What kind of mindset did Paul have to generate such a response? He refused to focus on the circumstances that pressed him down, by focusing on God’s glory rising through them instead (Phil 1:21; Phil 2:5-11). His perspective of suffering changed from being an entrapment, to becoming a trigger of gospel advance. He knew that God’s glory not only rises in times of prosperity and clarity, but within times of confusion that lack solutions. Notice that Paul never prayed once to be released from prison because he knew that he had been ‘put’ there by God (Phil 1:16).
Suffering becoming a catalyst for spreading the gospel is God’s pattern throughout Scripture.

• When Nehemiah was called to rebuild the wall, his team was repeatedly mocked, falsely accused, and threatened to the point of needing to carry weapons. Yet when the wall was built in a miraculous 52 days – not in the absence of suffering but in the midst of it – this testified to God’s presence and favour having moved among them (Neh 6:16).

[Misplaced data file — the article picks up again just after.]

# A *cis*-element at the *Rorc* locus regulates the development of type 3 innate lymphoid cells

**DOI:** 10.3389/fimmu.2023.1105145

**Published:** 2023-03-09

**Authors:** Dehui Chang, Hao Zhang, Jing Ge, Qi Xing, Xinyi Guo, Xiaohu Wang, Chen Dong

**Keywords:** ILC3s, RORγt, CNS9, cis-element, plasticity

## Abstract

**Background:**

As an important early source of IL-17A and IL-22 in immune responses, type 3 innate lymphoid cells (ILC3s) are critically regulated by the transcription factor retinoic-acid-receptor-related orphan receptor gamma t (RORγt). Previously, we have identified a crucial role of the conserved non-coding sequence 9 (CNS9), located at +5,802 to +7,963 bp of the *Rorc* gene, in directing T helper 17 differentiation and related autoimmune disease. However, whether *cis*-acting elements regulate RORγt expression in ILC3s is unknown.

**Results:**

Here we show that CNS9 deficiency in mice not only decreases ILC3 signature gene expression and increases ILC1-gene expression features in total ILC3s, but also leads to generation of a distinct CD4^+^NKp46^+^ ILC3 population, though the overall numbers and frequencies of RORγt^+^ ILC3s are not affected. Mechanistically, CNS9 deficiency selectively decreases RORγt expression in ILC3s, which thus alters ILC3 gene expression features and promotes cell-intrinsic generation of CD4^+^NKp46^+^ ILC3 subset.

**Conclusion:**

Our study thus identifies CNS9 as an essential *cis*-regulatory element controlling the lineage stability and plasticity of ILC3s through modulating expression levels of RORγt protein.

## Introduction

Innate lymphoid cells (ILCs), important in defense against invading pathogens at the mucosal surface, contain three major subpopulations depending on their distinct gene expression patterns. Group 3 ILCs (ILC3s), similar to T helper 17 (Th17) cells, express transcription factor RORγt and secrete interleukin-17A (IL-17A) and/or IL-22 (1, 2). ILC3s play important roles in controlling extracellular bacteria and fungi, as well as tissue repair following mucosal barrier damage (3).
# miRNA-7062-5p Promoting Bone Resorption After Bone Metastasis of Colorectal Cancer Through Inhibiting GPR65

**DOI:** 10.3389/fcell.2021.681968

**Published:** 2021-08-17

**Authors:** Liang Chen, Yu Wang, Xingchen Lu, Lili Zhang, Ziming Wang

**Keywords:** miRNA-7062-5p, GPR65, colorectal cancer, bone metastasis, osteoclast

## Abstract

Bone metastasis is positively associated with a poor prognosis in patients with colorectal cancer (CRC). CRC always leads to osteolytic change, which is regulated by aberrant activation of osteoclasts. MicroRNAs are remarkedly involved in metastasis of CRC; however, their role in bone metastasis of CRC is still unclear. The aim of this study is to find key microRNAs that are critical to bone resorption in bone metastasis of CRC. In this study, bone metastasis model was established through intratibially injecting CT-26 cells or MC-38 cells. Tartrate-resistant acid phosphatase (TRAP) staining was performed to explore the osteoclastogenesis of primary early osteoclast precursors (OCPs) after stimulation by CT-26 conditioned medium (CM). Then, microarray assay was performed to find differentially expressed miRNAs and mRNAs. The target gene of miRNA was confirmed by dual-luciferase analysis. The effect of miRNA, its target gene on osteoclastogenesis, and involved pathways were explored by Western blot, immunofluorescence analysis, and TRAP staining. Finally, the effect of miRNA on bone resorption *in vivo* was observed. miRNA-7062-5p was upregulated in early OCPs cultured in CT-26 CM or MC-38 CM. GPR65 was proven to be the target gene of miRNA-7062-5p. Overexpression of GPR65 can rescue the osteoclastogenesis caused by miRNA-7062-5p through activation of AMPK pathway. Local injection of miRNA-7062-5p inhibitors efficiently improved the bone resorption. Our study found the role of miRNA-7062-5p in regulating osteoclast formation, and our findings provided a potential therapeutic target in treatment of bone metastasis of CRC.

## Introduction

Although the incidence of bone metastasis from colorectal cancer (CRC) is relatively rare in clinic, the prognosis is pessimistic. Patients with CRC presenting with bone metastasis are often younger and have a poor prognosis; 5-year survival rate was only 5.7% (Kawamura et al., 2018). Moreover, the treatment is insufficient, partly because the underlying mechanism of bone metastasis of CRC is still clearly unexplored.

• The Israelites lost their patriarch Joseph, became enslaved, increasingly brutalized, and given over to genocide. Yet God simultaneously increased their number, strength, and blessing at every turn (Ex 1).

• A devastated Ruth from multiple family deaths, incredibly blessed her community, and restored the broken biological line that led to Jesus Christ (Ruth 4).

To rejoice in suffering doesn’t mean that we fake a large grin and pretend to be happy. It’s a deep, confident hope that Jesus joins us in the pain, has already won the victory that will remove all suffering in the end, and that the mindset of living for God’s glory instead of our own is embraced as a normal mindset that’s worth it all. And He is.

Andrea Thom

Andrea Thom

Andrea is a wife, mom of three, a therapist, and a Bible teacher. She’s received two national and international writing awards for excellence in Christian writing and authored two Christ-centred Bible studies. She is passionate to see people worship and share Jesus with increasing joy and commitment as they grow in the knowledge of how to grasp and handle His Word.